The folks at Baseball-Reference.com describe a save as follows:
A save (abbreviated SV or S) is a statistic awarded to a relief pitcher, often called a closer, who enters the game under certain conditions and maintains his team’s lead until the end of the game. The save rule was first adopted for the 1969 season and amended for the 1974 and 1975 seasons. Baseball researchers have worked through the official statistics retroactively to calculate saves for all major league seasons prior to 1969.
The first save credited to a Minnesota Twins pitcher occurred on April 16, 1961 long before the save rule was actually in existence in 1969.
The Twins were leading the Baltimore Orioles 9-3 at Memorial Stadium on April 16, 1961 in game one of a twin-bill in the seventh inning with two out when Twins starter Pedro Ramos gave up back to back doubles making the score 9-4. Twins skipper Cookie Lavagetto brought in reliever Ray Moore who quickly ended the rally and Moore went on to finish the game pitching the final 2.1 innings. “Farmer” Moore was back on his vegetable farm long since retired when he was credited with earning the Minnesota Twins first save that day after the save rule had come into existence just in time for the 1969 season. For games played before 1969, saves have been figured retroactively using the 1969 definition of a save.
Bill Singer, who would go on to pitch for the Minnesota Twins in 1976, is credited with recording the first official save when he pitched three shutout innings in relief of Don Drysdale in the Los Angeles Dodgers’ 3–2 Opening Day victory over the Cincinnati Reds at Crosley Field on April 7, 1969.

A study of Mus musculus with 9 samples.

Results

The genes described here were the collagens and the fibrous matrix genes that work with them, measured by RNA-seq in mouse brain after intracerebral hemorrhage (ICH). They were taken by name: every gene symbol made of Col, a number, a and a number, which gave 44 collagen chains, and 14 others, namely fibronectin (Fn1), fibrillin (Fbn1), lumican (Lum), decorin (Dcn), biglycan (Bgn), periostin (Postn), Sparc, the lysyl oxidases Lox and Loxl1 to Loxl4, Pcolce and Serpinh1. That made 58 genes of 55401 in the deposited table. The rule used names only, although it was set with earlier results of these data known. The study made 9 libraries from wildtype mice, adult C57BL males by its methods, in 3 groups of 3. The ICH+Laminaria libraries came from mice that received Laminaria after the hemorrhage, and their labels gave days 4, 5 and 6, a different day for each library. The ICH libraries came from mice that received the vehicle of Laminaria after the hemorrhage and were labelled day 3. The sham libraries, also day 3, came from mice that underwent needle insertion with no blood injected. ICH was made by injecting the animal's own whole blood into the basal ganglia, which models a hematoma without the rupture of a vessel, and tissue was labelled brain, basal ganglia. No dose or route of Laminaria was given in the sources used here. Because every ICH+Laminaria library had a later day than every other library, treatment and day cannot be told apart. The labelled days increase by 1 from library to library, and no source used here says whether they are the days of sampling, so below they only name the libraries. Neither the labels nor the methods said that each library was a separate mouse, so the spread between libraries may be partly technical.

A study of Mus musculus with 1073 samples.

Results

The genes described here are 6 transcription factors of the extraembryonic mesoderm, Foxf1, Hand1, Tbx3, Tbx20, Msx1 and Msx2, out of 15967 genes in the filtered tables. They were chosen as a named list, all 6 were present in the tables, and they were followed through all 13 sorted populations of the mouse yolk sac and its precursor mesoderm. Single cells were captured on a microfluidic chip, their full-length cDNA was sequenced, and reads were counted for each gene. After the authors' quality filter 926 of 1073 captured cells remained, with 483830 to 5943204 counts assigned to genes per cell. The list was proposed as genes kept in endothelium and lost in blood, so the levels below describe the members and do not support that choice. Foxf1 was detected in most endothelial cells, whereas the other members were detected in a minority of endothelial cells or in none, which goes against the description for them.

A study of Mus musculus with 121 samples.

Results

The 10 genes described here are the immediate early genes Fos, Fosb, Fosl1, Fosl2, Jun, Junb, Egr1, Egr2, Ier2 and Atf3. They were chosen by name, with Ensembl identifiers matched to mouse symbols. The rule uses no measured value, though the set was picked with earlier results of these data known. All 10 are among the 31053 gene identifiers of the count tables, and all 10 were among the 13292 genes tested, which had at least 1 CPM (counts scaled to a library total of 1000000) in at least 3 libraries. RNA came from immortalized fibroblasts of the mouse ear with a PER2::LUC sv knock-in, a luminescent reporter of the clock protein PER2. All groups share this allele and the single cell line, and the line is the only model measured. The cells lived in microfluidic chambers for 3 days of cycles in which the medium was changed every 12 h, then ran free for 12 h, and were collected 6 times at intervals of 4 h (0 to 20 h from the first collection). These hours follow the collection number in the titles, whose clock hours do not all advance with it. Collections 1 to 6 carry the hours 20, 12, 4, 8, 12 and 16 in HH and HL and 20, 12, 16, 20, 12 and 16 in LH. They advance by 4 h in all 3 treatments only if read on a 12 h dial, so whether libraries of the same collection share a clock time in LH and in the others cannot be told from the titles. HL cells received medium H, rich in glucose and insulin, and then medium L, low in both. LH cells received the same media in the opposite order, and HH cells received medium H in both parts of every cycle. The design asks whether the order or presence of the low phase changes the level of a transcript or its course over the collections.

The first Minnesota Twins save credited after the save rule became official in 1969 was earned by Bob Miller when he retired the final Angels batter to preserve the Twins 5-4 win over California at Anaheim Stadium on April 13, 1969.
Twins save leaders from 1961-2016 (50 or more saves)
Baseball’s all-time saves leader is New York Yankee Mariano Rivera who earned 652 saves from 1995-2013, all wearing the Yankee pin-stripes. He was without a doubt the best closer I ever saw.
Twins closer trivia
First Twins closer to 10 or more saves in a season – Ray Moore in 1961
First Twins closer to 20 or more saves in a season – Bill Dailey in 1963
First Twins closer to 30 or more saves in a season – Ron Perranoski in 1969
First Twins closer to 40 or more saves in a season – Jeff Reardon in 1988
First Twins closer to 45 or more saves in a season – Eddie Guardado in 2002
Most saves in a season – 47, Joe Nathan in 2009
Here is a question for you, who will lead the Twins team in saves in 2017? Will Glen Perkins come back and regain his closing form? Will Brandon Kintzler be the Twins top closer? Will Trevor May be the new closer? Or is the 2017 Twins closer not yet on the Twins 40 man roster?